In my presentation I use the concept of magical consciousness to discuss how we in Western, modern societies are today, in certain circles, searching for a way to reconnect with nature and what this connection tells us about the capacities of the human mind.
I use the concept of magical consciousness to help me think beyond dichotomies like mind vs body, human vs nature and animals. This dualistic thinking is a heritage from the time of the Enlightment; it established the idea that we, the cultivated human beings, had to be categorically separated from the primitive and dangerous animals and nature. Humans had to seek to control and scientifically explain nature. In spite of the negative associations that have been linked to the use of magic, the tradition of magic and magical consciousness has long roots also in contemporary, Western societies and not only in far away societies that, we believe, live closer to nature. Magic has survived and provides answers to the uncertainties of life.
My aim in the talk is to provide a brief outline of how we have moved from an open mind to a closed or self-contained mind and back to an ever growing awareness of the transgressive qualities of the mind. Using anthropological theories of mind and the anthropology of consciousness and magic I will present a tapestry of thoughts that indicate how the idea of one universal consciousness, that includes humans, nature, and animals, is possible and even desireable. The presentation will include exerpts from an ethnographic case study of the mind and reality transgressing experiences of a young Finnish woman who is the forest, an animal and messenger between worlds.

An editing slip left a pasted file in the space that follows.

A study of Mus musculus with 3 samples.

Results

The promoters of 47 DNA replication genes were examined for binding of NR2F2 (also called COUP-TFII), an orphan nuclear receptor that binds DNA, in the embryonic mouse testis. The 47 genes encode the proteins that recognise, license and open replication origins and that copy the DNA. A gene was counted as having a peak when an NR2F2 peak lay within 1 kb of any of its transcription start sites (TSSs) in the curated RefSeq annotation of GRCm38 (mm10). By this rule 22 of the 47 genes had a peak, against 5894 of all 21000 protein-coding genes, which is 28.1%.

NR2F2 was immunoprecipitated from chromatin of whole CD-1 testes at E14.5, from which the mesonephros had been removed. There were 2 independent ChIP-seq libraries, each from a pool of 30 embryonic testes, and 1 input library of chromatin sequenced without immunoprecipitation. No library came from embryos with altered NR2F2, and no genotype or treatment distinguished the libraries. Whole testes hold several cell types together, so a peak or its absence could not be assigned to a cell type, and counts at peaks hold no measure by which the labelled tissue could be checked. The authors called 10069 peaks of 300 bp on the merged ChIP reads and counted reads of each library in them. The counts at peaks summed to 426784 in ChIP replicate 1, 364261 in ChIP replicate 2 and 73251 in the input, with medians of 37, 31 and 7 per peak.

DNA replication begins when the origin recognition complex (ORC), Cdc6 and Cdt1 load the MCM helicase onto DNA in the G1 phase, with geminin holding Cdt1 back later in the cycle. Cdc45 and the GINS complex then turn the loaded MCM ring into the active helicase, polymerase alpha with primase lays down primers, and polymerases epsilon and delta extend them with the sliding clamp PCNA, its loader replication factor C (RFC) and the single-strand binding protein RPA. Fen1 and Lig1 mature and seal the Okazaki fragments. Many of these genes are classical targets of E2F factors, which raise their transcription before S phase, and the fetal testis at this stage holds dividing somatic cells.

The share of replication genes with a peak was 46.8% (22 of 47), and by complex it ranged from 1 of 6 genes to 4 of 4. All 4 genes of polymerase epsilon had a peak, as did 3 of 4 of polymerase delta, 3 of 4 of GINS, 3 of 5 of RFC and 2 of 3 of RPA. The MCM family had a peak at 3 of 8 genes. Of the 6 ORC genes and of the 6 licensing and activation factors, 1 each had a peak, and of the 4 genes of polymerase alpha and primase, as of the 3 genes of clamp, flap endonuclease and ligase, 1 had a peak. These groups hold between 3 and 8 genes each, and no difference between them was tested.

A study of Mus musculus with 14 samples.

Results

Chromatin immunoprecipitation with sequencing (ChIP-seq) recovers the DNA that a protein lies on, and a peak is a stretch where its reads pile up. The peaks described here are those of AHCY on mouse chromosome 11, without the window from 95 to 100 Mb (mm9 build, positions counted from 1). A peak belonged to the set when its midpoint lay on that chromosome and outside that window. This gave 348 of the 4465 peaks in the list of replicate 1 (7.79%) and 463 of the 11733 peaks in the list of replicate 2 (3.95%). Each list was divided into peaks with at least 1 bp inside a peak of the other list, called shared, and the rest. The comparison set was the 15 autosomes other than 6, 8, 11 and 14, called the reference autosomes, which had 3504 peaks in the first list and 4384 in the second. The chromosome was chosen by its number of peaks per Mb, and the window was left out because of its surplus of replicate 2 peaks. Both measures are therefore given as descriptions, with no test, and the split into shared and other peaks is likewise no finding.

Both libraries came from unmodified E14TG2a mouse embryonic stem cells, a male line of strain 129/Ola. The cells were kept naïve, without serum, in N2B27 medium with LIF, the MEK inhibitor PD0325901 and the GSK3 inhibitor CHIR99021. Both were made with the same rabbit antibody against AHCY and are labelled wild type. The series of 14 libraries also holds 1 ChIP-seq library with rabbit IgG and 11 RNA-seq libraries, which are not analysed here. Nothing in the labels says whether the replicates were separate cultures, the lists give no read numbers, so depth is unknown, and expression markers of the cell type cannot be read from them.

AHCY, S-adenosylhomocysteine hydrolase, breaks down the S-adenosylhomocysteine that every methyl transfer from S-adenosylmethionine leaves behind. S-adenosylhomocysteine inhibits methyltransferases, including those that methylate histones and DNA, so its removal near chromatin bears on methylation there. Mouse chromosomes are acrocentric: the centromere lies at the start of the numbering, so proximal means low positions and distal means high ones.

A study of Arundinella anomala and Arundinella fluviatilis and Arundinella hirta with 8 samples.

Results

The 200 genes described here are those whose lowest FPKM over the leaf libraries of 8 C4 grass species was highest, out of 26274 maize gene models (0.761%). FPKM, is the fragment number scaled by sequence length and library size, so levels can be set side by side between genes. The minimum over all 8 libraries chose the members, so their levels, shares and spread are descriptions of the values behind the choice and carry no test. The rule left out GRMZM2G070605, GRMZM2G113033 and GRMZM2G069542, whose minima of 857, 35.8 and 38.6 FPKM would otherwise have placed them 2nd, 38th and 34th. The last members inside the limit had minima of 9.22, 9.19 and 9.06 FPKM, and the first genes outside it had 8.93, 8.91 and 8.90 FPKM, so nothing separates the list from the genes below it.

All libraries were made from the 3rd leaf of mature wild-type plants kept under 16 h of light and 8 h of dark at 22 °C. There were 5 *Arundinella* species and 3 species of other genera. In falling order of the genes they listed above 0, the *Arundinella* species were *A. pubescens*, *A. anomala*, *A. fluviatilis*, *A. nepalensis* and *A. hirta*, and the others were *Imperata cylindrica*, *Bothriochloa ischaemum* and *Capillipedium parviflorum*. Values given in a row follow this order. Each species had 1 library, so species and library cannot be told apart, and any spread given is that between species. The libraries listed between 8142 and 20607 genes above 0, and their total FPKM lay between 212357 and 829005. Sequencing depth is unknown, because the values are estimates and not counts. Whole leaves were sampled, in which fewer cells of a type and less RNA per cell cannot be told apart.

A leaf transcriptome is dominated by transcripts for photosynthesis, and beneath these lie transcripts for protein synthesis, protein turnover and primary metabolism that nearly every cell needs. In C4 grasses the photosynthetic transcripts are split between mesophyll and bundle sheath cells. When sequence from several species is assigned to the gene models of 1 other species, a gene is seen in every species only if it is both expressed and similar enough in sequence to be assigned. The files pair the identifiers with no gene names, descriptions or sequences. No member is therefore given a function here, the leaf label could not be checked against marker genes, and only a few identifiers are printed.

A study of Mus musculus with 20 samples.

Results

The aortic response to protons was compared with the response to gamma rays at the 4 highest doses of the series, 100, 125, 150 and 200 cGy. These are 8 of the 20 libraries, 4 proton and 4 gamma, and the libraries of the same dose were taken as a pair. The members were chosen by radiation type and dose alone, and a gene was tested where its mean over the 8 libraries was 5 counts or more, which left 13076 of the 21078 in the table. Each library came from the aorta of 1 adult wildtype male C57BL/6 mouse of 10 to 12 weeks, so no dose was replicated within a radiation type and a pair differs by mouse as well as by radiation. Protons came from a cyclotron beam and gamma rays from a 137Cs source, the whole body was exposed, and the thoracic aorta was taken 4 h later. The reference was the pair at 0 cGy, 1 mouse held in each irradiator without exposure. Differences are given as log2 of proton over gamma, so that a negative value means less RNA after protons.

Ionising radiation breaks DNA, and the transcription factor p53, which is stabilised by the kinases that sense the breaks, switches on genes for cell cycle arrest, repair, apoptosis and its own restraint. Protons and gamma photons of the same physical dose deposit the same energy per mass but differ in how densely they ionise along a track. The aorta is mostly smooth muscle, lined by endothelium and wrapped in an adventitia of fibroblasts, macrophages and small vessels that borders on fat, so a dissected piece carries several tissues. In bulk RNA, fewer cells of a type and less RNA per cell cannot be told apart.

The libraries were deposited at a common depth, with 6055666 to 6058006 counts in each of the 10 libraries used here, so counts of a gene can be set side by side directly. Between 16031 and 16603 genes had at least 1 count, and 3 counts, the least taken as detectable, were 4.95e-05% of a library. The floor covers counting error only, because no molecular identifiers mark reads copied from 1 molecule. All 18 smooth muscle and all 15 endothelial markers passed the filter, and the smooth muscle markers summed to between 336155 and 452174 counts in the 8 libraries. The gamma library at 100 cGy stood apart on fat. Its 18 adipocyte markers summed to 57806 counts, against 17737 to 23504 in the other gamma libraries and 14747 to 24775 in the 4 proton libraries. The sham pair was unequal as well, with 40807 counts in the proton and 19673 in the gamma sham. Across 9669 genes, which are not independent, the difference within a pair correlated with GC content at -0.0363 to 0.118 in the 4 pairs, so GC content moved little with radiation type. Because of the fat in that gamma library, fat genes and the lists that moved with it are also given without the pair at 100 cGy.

Susanne Ådalh is a researcher at the project Mind and the Other – An Interdisciplinary Study on the Interactions of Multiple Realities. Her contribution to the Mind and the Other project deals with the phenomenon of voice hearing as a subjective, lived experience.
Susanne Ådahl is a Post-doctoral researcher in medical anthropology who has conducted ethnographic research on lay perceptions of cancer among Finnish farmers (Ådahl 2007) and patient experiences of organ transplantation in Finland ( Ådahl 2012).